Spencer Spit State Park facts for kids
Quick facts for kidsSpencer Spit State Park
Spencer Spit State Park, June 2015
|Location||San Juan County, Washington, United States|
|Area||200 acres (81 ha)|
|Elevation||154 ft (47 m)|
|Designation||Washington state park|
|Administrator||Washington State Parks and Recreation Commission|
|Website||Spencer Spit State Park|
Spencer Spit State Park is a public recreation area ran under the Washington State Parks. It covers one hundred and thirty-eight acres (56 ha) (a total of 7,840 feet of shoreline) on the eastern shore of Lopez Island in San Juan County, Washington. It overlooks the Strait of Juan de Fuca. The state park features two sand spits that enclose a salt chuck lagoon that provides a migratory stop for waterfowl, including Bonaparte's gulls. Other local fauna include great blue herons and kingfishers.
The park has 37 spaces for tent camping with fire pits, one dump station and two restrooms. There are no showers or hookups. Most of the park's tent sites are large and private. Seven walk-in beach sites have limited privacy. The park provides two group camps. The large one accommodates up to 50 people and has ten walk-in sites with a large grassy common area. The small group camp accommodates up to 20 people and has three walk-in sites, one of which is an Adirondack (three-sided) shelter with eight bunks. Check-in time is 2:30 p.m. while check-out time is 1 p.m. Park quiet hours are 10 p.m. to 6:30 a.m. Campers cannot leave the park after 10 p.m.
The park provides two kitchen shelters without electricity and 15 unsheltered picnic tables. The kitchen shelters include four picnic tables, a barbecue grill and fire pit. Water is available nearby. Picnic tables with fire pits are located on the spit and the beach site has six picnic tables. There are also two miles of Cascadia Marine hiking trails. The park requires a Discover Pass for vehicles. Hours are 8 a.m. to dusk in the summer. The park is closed Oct through March (specific dates vary yearly).
There are twelve mooring buoys on the Cascadia Marine Trail. Other recreational opportunities include swimming, bald eagle viewing, bird watching, hiking, viewpoints, ferry watching, fishing, clamming, diving, and beachcombing.
The park is located 4.6 mile from the ferry landing, with mainly flat roads, easy for biking. It is 3 miles from the Lopez Village.
As Native American tribes migrated up and down the coast, they would stop in this location to clam, crab and fish. Native American activity continued in this area until 1946. The park was originally homesteaded in the 1870s by Katherine and Franklin Troxell. In the late 1800s, they sold the land to Ray and Kathryn "Kate" Spencer, who owned property on Lopez Island and Blakley Island (an island just off the shore of Lopez Island). Between 1913 and 1920 they built a small cabin on one of the sand spits. The stone cellar of the old Spencer House can be seen near the spit. A replica of the original log cabin built by the Spencers for guests is out on the tip of the spit. Ray and Kate lived here for 50 years. The family sold it to the state in 1967. The state was interested in this undeveloped parcel of land because of the blue herons that can be found on it.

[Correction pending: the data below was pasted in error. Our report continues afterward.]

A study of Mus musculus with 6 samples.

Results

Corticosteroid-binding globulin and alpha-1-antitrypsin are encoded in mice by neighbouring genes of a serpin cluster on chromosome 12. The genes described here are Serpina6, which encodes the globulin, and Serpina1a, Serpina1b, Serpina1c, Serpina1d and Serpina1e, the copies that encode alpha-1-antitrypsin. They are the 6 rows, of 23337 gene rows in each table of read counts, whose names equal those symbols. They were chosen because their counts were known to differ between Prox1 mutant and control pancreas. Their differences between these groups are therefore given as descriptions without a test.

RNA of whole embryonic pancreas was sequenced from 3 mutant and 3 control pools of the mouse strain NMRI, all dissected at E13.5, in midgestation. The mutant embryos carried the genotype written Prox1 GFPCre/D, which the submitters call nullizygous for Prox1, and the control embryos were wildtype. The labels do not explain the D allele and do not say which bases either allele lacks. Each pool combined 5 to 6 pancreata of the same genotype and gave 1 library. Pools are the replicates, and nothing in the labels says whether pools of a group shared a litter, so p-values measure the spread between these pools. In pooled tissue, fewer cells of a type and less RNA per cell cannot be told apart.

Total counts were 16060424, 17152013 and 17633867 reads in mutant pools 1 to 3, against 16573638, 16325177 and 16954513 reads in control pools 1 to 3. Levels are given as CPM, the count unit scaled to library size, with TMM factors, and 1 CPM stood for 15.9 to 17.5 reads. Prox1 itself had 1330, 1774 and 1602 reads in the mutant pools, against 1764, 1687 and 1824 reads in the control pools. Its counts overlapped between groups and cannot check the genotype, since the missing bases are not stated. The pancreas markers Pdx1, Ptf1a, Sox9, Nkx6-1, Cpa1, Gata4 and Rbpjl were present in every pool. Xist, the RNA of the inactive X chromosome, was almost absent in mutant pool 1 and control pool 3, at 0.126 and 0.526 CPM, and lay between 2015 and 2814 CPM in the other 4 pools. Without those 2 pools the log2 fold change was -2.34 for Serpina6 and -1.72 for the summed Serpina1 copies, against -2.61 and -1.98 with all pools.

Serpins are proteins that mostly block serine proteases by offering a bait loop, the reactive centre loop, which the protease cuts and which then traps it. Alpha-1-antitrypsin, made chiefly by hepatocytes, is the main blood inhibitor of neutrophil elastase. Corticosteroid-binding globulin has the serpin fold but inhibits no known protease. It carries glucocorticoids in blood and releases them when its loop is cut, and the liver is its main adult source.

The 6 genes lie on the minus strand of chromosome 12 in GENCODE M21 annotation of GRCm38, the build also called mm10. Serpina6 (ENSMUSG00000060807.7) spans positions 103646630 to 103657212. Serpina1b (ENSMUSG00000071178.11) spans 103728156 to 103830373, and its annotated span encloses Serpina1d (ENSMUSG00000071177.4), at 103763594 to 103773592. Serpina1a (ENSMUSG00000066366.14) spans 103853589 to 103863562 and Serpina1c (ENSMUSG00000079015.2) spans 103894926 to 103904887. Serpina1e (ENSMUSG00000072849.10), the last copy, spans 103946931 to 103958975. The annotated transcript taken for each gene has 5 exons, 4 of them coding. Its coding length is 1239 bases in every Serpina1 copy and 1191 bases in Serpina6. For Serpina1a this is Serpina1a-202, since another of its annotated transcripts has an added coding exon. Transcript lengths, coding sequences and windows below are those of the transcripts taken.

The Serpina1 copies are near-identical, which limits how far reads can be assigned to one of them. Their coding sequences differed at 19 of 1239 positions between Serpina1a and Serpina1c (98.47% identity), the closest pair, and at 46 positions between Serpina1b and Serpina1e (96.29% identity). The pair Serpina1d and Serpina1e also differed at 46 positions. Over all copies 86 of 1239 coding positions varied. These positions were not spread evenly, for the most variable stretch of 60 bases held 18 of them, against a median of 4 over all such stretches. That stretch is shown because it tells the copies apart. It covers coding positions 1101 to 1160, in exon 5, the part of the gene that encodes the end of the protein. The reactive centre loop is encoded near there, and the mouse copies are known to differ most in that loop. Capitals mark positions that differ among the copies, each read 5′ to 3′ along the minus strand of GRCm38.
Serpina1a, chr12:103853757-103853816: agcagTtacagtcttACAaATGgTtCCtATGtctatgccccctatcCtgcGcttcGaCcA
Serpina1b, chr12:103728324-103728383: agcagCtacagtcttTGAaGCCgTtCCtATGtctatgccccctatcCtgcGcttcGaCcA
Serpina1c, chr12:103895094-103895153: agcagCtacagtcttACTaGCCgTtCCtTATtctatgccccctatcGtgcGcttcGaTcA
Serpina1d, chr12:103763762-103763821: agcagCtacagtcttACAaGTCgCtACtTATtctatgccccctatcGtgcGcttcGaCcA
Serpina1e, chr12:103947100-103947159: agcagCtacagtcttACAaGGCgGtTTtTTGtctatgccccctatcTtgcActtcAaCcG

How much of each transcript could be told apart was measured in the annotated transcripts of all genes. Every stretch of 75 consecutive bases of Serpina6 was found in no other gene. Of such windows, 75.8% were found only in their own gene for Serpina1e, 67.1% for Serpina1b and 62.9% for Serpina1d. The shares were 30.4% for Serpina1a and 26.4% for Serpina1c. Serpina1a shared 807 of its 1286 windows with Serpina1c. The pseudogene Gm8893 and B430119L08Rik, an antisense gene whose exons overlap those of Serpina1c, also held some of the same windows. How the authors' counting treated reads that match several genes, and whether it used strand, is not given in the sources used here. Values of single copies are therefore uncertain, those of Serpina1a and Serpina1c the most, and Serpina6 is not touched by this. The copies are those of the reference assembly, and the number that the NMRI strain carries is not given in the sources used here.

Alder, Cedar, Douglas Fir, and Maple trees. Apples, wild berries, and cherries Eel grass, ferns, foxglove hemlock, moss or lichens, rose, seaweed,, ,thistle, and yew.
Birds include crows or ravens, ducks, bald eagles, geese, gulls, hawks, herons, hummingbirds, ospreys, owls, woodpeckers, and wrens. Fish and sea life includes clams, cod, crabs, perch, salmon, seabirds, seas, shark, shellfish, and the occasional Southern Resident Orcas pod passing by. Mammals include chipmunks, deer, rabbits, raccoons, otters, and squirrels.
The south side of the spit is primarily sandy-gravel with eelgrass beds and some mud lower in the intertidal zone. The tip of the spit has a larger cobble substrate with a slightly higher density of clams. The best clam habitat occurs in the muddy gravel flats on the north side of the spit. A brackish lagoon drains through these gravel beds. Clam species available at Spencer Spit State Park include: native littleneck clams, varnish clams, butter clams, and cockles. This is also a very good beach for horse clams. The best place to dig for the horse clams is on the south side of the point. Oysters are not expected to be common at this location.
Spencer Spit State Park Facts for Kids. Kiddle Encyclopedia.